One of the stranger moments of the Gupta state capture saga is the decision by The Ethics Institute (TEI) to keep its accreditation of KPMG SA’s fraud whistleblower hotline.
Professor Deon Rossouw, chief executive of TEI, says the institute will not withdraw KPMG SA’s accreditation, granted last month, since it is “technically sufficient”.
The hotline is hosted by KPMG SA on behalf of its clients so that they can anonymously report to the auditing firm any internal corruption at the client’s company.
It’s not configured to be used internally at KPMG SA for whistleblowing by its own staff. In the past fortnight, KPMG SA has basically admitted to being a Gupta pawn.
It has conceded that its “rogue unit” report for the South African Revenue Service was a work of fiction.
We also now know that when junior auditors at KPMG SA raised red flags over work done for the Guptas, they were slapped down.
Thus, it is not irrational to conclude that any whistleblower at Sars, or any Gupta-controlled company, would similarly have got short shrift if they phoned in their tip-offs to KPMG.
No matter how correctly the KPMG SA hotline staff might have been at processing the tip-off, that information would have been passed along to KPMG SA operational staff to handle. There it would have stalled.
At worst, it may even have been misused by KPMG SA operational staff: leaked, fed back to those accused to identify the whistleblower or to allow the culprits to muddy their tracks.
Why would anything have changed? The forced resignation of its top executives does not mean that KPMG SA is suddenly an ethically credible organisation.
TEI is a highly regarded organisation, which is why corporates pay top dollar for its professional services, such as the hotline accreditation.
While it might be the hotline that gets the rubber stamp, it is the operator that basks in the implied imprimatur of TEI endorsement.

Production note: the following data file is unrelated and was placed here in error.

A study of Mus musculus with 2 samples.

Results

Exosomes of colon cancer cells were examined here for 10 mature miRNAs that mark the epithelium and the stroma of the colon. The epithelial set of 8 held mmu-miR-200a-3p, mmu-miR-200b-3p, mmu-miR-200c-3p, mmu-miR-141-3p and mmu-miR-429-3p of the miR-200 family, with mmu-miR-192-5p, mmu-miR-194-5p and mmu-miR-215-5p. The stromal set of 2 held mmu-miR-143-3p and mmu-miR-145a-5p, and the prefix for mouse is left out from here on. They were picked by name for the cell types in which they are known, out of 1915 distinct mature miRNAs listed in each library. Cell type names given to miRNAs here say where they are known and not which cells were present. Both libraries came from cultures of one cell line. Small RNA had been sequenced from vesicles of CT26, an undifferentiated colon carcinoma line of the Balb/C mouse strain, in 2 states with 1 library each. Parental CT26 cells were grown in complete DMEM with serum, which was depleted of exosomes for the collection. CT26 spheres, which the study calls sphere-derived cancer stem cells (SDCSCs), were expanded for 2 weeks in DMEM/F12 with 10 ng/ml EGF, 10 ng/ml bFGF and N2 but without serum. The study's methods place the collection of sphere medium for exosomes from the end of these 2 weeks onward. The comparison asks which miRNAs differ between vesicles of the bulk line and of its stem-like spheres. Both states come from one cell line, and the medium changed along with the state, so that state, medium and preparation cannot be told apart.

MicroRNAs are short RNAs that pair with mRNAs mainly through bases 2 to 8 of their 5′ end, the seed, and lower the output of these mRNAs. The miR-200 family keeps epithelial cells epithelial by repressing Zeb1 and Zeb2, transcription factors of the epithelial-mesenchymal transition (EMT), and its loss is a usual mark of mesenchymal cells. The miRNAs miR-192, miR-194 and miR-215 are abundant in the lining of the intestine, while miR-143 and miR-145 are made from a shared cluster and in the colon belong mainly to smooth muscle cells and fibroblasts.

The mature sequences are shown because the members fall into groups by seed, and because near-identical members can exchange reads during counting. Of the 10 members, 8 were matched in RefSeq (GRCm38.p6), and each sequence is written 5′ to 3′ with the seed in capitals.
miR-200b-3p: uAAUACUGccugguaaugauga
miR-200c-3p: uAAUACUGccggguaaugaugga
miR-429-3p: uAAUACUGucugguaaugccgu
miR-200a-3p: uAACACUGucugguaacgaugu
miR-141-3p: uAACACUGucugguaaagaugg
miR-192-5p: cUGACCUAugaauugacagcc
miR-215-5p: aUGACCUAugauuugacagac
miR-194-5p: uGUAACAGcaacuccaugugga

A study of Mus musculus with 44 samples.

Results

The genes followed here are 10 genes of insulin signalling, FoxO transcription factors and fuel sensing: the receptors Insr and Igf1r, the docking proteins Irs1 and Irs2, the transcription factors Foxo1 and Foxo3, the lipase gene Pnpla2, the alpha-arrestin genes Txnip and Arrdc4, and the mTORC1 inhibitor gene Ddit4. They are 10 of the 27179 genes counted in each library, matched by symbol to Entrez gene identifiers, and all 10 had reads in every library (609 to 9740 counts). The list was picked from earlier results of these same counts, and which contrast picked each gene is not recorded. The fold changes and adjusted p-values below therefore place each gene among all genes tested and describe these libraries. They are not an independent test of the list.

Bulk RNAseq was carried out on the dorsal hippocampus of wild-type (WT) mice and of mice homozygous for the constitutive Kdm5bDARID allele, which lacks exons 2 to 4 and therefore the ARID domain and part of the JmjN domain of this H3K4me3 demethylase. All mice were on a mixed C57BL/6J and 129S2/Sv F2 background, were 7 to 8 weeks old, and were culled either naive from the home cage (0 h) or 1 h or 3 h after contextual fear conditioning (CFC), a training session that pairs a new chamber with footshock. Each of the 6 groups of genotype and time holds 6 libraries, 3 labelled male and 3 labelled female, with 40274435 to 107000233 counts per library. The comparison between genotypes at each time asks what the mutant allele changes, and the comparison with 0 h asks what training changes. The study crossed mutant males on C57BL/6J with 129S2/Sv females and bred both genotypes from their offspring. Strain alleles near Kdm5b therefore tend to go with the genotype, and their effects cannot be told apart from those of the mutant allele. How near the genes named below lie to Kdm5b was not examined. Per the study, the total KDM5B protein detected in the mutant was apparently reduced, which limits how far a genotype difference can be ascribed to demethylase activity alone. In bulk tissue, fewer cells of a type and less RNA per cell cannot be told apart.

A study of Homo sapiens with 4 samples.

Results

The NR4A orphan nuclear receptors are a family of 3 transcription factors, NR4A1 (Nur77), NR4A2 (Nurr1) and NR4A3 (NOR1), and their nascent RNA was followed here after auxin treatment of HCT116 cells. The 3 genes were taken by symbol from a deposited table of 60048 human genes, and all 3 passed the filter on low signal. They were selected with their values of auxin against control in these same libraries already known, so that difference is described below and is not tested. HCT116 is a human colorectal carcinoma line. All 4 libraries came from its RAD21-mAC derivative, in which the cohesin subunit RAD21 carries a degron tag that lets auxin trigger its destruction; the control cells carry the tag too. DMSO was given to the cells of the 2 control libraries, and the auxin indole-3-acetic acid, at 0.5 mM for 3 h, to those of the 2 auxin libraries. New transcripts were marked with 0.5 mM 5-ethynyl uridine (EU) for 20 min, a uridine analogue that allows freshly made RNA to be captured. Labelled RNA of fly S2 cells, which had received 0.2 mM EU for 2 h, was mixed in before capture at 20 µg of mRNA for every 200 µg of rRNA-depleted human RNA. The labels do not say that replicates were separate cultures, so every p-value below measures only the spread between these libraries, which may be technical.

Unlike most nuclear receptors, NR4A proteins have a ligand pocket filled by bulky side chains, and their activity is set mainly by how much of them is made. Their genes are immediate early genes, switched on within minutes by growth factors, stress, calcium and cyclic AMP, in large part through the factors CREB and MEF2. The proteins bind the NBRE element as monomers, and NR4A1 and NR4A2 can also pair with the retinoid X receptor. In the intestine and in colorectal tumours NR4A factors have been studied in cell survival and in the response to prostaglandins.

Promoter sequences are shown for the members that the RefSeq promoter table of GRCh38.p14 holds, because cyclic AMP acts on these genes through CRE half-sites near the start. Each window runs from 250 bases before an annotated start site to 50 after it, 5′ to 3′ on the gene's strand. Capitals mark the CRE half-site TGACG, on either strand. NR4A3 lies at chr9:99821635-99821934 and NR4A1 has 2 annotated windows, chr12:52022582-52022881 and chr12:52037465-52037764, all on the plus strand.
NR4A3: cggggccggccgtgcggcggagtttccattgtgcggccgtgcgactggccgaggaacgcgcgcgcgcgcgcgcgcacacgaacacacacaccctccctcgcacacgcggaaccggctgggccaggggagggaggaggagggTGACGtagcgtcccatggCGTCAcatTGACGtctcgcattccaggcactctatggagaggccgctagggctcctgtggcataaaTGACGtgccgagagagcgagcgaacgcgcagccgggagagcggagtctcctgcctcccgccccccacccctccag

So it is sophistry by TEI to seek refuge behind the fig leaf of the KPMG SA’s hotline meeting technical sufficiency standards. By such a box-ticking approach, even the Mafia’s very own “independent” hotline for snitches could garner TEI’s seal of approval.
There is inconsistency, too, on the part of TEI. It is part of BEN-Africa, the Business Ethics Network Africa. KPMG SA has for years funded the NGO’s work and was to be the main sponsor for this year’s BEN-Africa conference.
Following KPMG SA’s ethical meltdown, the conference removed KPMG as a conference sponsor.
When I argued these points with Rossouw, his response was that TEI endorsement of a KPMG SA independent hotline cannot and should not be seen as an endorsement of KPMG SA.
“Can we have the wool pulled over our eyes, as has the entire audit regulatory operation? Yes, that can happen. We are well aware of the dangers of being ‘useful idiots’. But the reality is that organisations can and do experience ethical failure. The response to such a failure cannot be to drive them into the ground. It must be to help them put themselves together again.”
All good and well. But if you are an employee from the world of state capture, looking to blow the whistle using the KPMG ethics and fraud hotline, I’d save my breath.
CORRECTION: An earlier version of this column stated that the BEN-Africa conference had been cancelled. BEN-Africa has corrected this, explaining that it will still be held 9-10 November 2017 in Stellenbosch. The only change is the removal of KPMG as a conference sponsor.
The programme and speaker line-up (including a session by Pravin Gordhan) is available here.
“The only BEN-Africa event that is cancelled is the Business Ethics Forum – that was to be held in October in Port Elizabeth, and which KPMG would have sponsored,” BEN-Africa has said.